6 Ways to Cavity Proof Your Kids’ Teeth

Published on November 5, 2016 | News


For this reason, it’s not uncommon for kids to get cavities. Remember how in 1990s kids’ cartoons, one of the most common plotlines was a child character being afraid about getting a cavity filled? Cavities are really common during childhood.

Unfortunately, some of the issue stems from genetic factors. In developed western countries, 20-25% of children account for over 50% of the incidences of dental caries (cavities). Genetics impact a person’s risk of cavities, and some people are just more prone to them than others.

With that said, though, there are still steps that you can take to minimize your child’s risk of cavities. Getting cavities filled can be expensive, so it’s in everyone’s best interest to keep them at bay. Here are seven simple ways to cavity proof your kids’ teeth.

1) Help them brush.

Almost as soon as they have teeth, you can start teaching your children good oral hygiene habits. Children under six should be supervised while they brush, and toddlers need a lot of assistance. Children 6-8 years old can brush by themselves, but you should probably supervise them to make sure they’re doing it correctly. For some reason, kids just don’t enjoy brushing their teeth, and they try to avoid it if they can. Like adults, they should brush twice a day with a toothpaste that contains fluoride.

2) Make sure they’re brushing long enough, with the right technique.

Kids should brush for about two minutes straight, using a circular motion to remove as much debris as possible from their mouth. Brushing regularly can greatly reduce their risk of cavities by removing plaque.

3) Make sure they floss, too.

Once a child has most of their teeth in, you should also floss their teeth. Flossing removes food particles, plaque, and other materials that build up between the teeth.

4) Make sure they get regular dental checkups.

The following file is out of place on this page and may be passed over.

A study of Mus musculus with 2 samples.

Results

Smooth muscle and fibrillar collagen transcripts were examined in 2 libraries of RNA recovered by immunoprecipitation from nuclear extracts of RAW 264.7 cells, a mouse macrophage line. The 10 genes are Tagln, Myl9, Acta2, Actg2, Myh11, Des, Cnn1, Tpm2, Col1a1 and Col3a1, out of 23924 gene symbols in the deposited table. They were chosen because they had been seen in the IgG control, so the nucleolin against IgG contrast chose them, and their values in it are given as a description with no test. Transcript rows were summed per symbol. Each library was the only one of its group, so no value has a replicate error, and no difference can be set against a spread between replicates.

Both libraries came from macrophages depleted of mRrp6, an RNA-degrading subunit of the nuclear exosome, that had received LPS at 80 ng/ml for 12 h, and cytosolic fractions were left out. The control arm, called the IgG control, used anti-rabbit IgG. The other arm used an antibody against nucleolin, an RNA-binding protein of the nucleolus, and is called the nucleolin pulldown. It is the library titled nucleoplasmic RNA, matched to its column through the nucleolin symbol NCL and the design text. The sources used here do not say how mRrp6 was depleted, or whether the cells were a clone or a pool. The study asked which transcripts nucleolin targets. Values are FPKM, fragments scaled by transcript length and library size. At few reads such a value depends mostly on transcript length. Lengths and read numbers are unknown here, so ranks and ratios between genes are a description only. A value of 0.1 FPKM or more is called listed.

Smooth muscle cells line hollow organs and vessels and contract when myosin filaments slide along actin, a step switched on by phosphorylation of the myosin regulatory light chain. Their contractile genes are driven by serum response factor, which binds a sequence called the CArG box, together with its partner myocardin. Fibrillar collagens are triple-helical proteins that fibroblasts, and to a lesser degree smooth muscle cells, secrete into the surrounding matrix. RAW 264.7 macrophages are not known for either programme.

Children should go to the dentist every six months for a routine cleaning and checkup. We recommend that this starts after their first tooth appears. Baby teeth do fall out eventually, but their health is still important. Healthy baby teeth help your child chew correctly and speak clearly, and unhealthy teeth could potentially get infected.

5) Use Fluoride

Fluoride is important for dental health. Fortunately, in most areas, the water is actually fluoridated. Contrary to what conspiracy theorists often claim, fluoride does not have any negative health effects. However, fluoride does help prevent tooth decay, which is why dentists recommend using a toothpaste that contains fluoride.

6) Make sure their sugar consumption is limited.

Dentists are notorious for doing stuff like giving out toothbrushes on Halloween, but we’re not saying your kid can never have candy or cake. However, it’s important that their sugar intake is relatively low. Not only does too much sugar promote tooth decay, but it’s also bad for human health in general. Most Americans are eating too much sugar, and they’re often unaware of it. Even fruit juice, which is often marketed as healthy and desirable for young children, contains a lot of sugar. Juice, juice-like fruit drinks (such as Minute Maid or Hi-C), and soda all contain a lot of sugar, and their intake should be limited.

At Blue Hills Dental, our job is to help you keep your children’s teeth healthy. Regular biannual check-ups and cleanings can help reduce their chances of developing a cavity. But in between, it’s important that you help them learn good oral hygiene and eat a balanced diet to reduce their risk of cavities and tooth decay.